Mark off the first Friday in April for a meeting of ERP customers, including those who want to remain on their HP 3000s as well as migrating sites. The Computer Aided Manufacturing User Society (CAMUS) will host regional meetings April 7 in Austin, Boston, Frankfort, Ind., Fremont, Calif. and Irvine, Calif. These locations will hook up with a five-way conference call at 11 AM PST to discuss the state of migrating off HP 3000 ERP applications, as well as options for staying put with a working application.
The two choices mirror the theme for this year's CAMUS annual user group meeting, now coming to San Francisco in July. Terry Floyd, the founder of ERP support and integration company the Support Group, said CAMUS wants to talk with 3000 ERP users, no matter which direction they're headed.
"If you want to homestead, we want to help you talk to the right people," said Floyd, who became a CAMUS board director last year. "If you want to migrate, we can help you, too." RUG meeting registration details, along with a form to sign up, are online at the CAMUS site.
Next month's RUG meeting will include discussion from the CAMUS board about the July conference. Floyd said that vendors of MANMAN alternatives might be helping to fund that summertime conference. "I wouldn't be surprised if there was a big banner over the conference that says, 'Sponsored by SAP.' People are going to that conference to talk about leaving MANMAN. There will be a lot of emphasis on migration."
On the other hand, Floyd says, an application like MANMAN represents the genuine value to a company using it, not the vendor's support of the hardware. "The application and its usefulness for your company is what determines value, not the hardware," he said. "Nobody can come up with a good reason why the application won't be running in 2012."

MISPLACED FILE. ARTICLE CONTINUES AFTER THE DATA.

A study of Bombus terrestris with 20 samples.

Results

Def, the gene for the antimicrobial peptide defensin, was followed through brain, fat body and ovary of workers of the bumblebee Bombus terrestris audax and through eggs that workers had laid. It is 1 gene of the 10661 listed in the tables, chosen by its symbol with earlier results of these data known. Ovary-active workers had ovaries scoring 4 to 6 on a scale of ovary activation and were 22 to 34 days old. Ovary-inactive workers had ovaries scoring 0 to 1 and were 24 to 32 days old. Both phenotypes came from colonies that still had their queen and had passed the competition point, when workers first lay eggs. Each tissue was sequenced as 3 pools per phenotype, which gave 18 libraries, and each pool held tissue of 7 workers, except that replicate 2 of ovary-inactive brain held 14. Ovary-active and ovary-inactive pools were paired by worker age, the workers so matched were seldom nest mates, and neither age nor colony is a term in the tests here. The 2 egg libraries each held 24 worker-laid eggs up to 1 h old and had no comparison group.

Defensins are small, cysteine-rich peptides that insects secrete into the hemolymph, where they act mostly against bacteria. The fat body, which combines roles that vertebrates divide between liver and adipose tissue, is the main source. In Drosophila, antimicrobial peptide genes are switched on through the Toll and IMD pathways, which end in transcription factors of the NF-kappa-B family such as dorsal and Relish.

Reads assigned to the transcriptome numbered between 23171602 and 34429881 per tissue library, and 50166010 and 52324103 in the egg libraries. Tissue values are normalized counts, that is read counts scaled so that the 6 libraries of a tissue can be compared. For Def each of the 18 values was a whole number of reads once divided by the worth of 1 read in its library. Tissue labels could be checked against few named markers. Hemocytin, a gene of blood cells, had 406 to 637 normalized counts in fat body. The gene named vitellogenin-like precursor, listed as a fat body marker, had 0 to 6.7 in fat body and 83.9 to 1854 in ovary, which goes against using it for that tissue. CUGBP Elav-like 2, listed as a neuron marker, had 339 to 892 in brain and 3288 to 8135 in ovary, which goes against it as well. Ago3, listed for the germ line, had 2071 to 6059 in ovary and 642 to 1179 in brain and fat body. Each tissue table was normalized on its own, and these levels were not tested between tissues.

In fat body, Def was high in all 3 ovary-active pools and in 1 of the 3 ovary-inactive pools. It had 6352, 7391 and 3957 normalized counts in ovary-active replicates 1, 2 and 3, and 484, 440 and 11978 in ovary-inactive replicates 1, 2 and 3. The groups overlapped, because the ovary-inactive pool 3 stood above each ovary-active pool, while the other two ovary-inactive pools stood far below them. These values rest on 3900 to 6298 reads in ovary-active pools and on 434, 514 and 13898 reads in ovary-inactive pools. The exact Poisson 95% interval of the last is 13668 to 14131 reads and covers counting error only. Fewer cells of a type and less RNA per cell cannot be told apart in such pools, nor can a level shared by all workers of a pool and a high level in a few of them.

Floyd's business in the 3000 marketplace these days looks like that of many long-time vendors: Helping along customers who can't leave the platform, as well as serving up integration and consulting to enable migrations through his allied company ENTSGO. HP's extension of its support services through 2008 gives a 3000 MANMAN customer ample time to migrate, he said. "24 months is plenty of time," he said. "Almost anyone can get off MANMAN in 12 to 18 months."
With a little help, he added, a well-versed company could manage their own migration project. "It's nice to be self-sufficient," he said. "You should get some help, but if you're up to speed and reading what out there, you can do it yourself."
The Support Group will be assisting Lowrance Electronics in moving off of MANMAN, Floyd announced, and long-time MANMAN site Korry Electronics, a Top 10 MANMAN user, will also be leaving the application behind. "The other apps have finally caught up with MANMAN," Floyd said, "and now all the stuff the alternatives do is better."
CAMUS could be on its way to electronic-only status as a user group after this year, he added. Making a case for a CAMUS show in 2007 will depend on the attendence for this summer's conference. "There really isn't going to be a MANMAN conference in 2007, if people don't come this year," he said.